KUALA LUMPUR – Malaysia is exploring new options to push down the cost of the China-backed East Coast Rail Line (ECRL), after an impasse over pricing nearly torpedoed the 688-km line spanning the width of the peninsula last month.
The Straits Times understands that a new alignment was among solutions mooted soon after the Pakatan Harapan (PH) administration walked back on plans to cancel the contract with China Communications Construction Company (CCCC) signed under the ousted Barisan Nasional regime.
“It all needs to be recalculated. They are relooking the whole thing all over again,” a source familiar with the negotiations said.
Both Finance Minister Lim Guan Eng and Foreign Minister Saifuddin Abdullah expressed optimism this week that a deal can be done before Prime Minister Mahathir Mohamad attends Beijing’s Belt And Road Forum in April.
But former finance minister Daim Zainuddin, a close confidante of Tun Mahathir who is leading negotiations on the ECRL, told Nanyang Siang Pau in an interview published on Thursday (Feb 21) that Chinese negotiators are only due to visit this month and a final decision is “not easy due to this issue being quite complicated”.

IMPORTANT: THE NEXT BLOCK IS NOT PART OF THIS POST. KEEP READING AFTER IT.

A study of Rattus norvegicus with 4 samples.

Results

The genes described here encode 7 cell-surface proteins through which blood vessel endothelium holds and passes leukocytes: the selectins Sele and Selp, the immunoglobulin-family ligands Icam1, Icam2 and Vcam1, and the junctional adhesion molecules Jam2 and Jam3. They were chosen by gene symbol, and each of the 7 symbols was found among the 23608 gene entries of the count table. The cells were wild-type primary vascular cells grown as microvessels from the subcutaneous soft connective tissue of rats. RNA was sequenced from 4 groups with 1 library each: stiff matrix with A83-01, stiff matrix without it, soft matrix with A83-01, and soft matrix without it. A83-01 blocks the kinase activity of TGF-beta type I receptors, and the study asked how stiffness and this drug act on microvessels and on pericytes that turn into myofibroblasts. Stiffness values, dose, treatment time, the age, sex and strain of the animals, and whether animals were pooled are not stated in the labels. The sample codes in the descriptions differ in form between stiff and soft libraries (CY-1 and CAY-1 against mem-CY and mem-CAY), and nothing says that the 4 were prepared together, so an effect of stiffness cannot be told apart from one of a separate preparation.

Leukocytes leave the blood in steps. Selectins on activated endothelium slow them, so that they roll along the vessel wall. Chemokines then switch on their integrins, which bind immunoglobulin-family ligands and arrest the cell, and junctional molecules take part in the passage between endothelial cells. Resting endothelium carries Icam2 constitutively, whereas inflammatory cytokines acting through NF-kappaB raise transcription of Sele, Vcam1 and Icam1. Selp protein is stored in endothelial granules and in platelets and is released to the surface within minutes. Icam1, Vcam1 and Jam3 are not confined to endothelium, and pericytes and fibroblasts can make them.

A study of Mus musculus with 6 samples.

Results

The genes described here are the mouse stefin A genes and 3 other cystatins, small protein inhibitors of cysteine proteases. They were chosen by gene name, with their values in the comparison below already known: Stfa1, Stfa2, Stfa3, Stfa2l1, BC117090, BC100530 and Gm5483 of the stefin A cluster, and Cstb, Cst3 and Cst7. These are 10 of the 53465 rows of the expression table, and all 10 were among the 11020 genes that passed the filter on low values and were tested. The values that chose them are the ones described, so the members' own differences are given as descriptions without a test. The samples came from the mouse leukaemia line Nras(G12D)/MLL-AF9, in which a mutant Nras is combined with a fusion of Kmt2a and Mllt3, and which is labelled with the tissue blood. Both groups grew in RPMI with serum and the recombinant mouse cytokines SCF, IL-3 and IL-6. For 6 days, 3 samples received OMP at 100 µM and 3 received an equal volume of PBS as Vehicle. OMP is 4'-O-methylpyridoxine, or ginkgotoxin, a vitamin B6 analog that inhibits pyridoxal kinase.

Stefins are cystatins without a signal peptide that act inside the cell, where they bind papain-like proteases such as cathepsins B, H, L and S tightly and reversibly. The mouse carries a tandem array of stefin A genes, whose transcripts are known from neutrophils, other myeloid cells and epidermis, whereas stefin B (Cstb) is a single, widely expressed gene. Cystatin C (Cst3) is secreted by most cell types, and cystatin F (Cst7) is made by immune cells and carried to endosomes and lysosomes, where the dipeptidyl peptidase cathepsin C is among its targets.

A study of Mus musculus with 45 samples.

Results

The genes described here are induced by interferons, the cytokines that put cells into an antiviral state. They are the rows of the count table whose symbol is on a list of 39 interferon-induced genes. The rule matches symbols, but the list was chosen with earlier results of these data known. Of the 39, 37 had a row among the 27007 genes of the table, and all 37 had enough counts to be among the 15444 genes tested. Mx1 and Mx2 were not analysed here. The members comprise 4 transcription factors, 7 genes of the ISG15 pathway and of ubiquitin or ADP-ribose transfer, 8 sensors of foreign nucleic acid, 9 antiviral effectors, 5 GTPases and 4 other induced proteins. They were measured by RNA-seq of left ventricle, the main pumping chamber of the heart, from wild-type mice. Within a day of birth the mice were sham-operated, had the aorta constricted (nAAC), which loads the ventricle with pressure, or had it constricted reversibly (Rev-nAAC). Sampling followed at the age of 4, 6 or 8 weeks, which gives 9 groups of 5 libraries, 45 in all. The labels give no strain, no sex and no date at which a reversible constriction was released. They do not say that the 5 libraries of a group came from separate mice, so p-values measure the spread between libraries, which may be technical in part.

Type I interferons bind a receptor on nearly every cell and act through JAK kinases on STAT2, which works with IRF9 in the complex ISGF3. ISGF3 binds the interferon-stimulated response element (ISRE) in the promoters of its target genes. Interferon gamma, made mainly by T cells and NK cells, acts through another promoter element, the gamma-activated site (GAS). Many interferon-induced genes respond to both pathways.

Official sources told The Straits Times that the government wants to bring the price tag close to early estimates under the Najib Razak government. These ranged from RM27 billion to RM35 billion, compared to the RM66 billion that was finally agreed.
The PH administration claims that after including financing and land costs, the bill would balloon to RM81 billion, a figure it cannot afford having inherited over RM1 trillion in liabilities from its predecessor.